I Knew This Kid

I Knew This Kid

Paul Paolicelli, Contributing Writer

I was in Amsterdam. It was back in the 80s and I’d been visiting a former army colleague who was then a Foreign Service Officer stationed in Bonn. He had an appointment in Amsterdam and I tagged along. When he went to his meeting I went for a long stroll along the canals with no particular direction in mind, I was soaking up the atmosphere and geography of that marvelous city.

A placard caught my attention. It was the Anne Frank House, not my intended destination but it felt like I was supposed to have found it. I paid the entrance fee and went in and followed the brochure I’d been given at the door. It was a chilly weekday morning and I was virtually alone as I wandered about studying the photographs and exhibits. Eventually I found my way to the bookcase that had disguised the entrance to the secret annex where the Frank family and four other unfortunates had been hiding for two years before being betrayed and arrested and ultimately sent to Nazi concentration camps. Ironically, they would be the last group transported from Amsterdam and only one would come home from the horrors of the Holocaust.

I’d spent three years in Germany as a soldier, was well aware of World War Two history, was responsible for the press information of one of our units based in Dachau and had spent more time than I’d wanted to in that first of the Nazi camps. I knew the story but I’d never come face to face with the victims; not until that day in Amsterdam.

I saw the room where Anne would spend two years of her young life. Pictures of movie stars on the wall, reminding me of my sister’s room with Beatle posters, the same room every young girl had or has. An innocent kid tucked away in a desperate attempt by friends and family to protect her, her sister and the others from a world gone mad. I had read her diary but re-read several passages during my visit; the hopeful ruminations of a teenager, her amusing observations, her frustrations with parents, her determination to find a place in the world. I knew this kid, she was my sister, she was all of the girls I’d gone to St. Bernard’s Grade School with, she was the girl next door.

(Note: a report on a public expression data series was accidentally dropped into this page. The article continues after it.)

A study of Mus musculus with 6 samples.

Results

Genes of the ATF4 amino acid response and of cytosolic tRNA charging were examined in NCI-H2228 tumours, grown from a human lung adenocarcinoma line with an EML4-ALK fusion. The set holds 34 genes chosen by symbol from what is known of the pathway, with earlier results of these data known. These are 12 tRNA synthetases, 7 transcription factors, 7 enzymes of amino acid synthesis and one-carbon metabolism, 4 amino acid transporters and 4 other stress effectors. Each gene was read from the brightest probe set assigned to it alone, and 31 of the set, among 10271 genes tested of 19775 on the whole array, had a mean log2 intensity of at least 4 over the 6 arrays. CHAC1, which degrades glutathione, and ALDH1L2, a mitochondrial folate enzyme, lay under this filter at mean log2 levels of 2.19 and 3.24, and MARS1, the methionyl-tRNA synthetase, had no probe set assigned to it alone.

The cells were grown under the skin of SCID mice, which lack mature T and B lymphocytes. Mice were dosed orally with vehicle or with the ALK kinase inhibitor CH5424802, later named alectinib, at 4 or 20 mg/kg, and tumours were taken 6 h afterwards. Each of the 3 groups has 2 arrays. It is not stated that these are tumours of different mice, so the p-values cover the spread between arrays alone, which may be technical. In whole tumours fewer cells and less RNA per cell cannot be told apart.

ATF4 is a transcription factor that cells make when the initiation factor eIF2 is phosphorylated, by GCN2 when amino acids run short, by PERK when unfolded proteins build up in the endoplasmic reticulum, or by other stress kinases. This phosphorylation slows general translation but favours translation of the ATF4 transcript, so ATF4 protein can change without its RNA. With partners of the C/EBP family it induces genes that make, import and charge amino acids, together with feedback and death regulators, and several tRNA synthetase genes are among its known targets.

It’s ironic that her musings became one of the most important books of the twentieth century. They’re innocent, occasionally naive, fascinating and ultimately horrific when you put them into context and know of her sad ending.

I knew that kid. And her writing is more profound in its way than anything Tolstoy or Hemingway or Steinbeck or any of my other heroes could ever have written. Because in her own way she told the story of that war and the Nazi atrocities far more accurately than any historian or journalist could ever attempt. We all knew her. And somehow, we all might, in some obscure way, be responsible for her.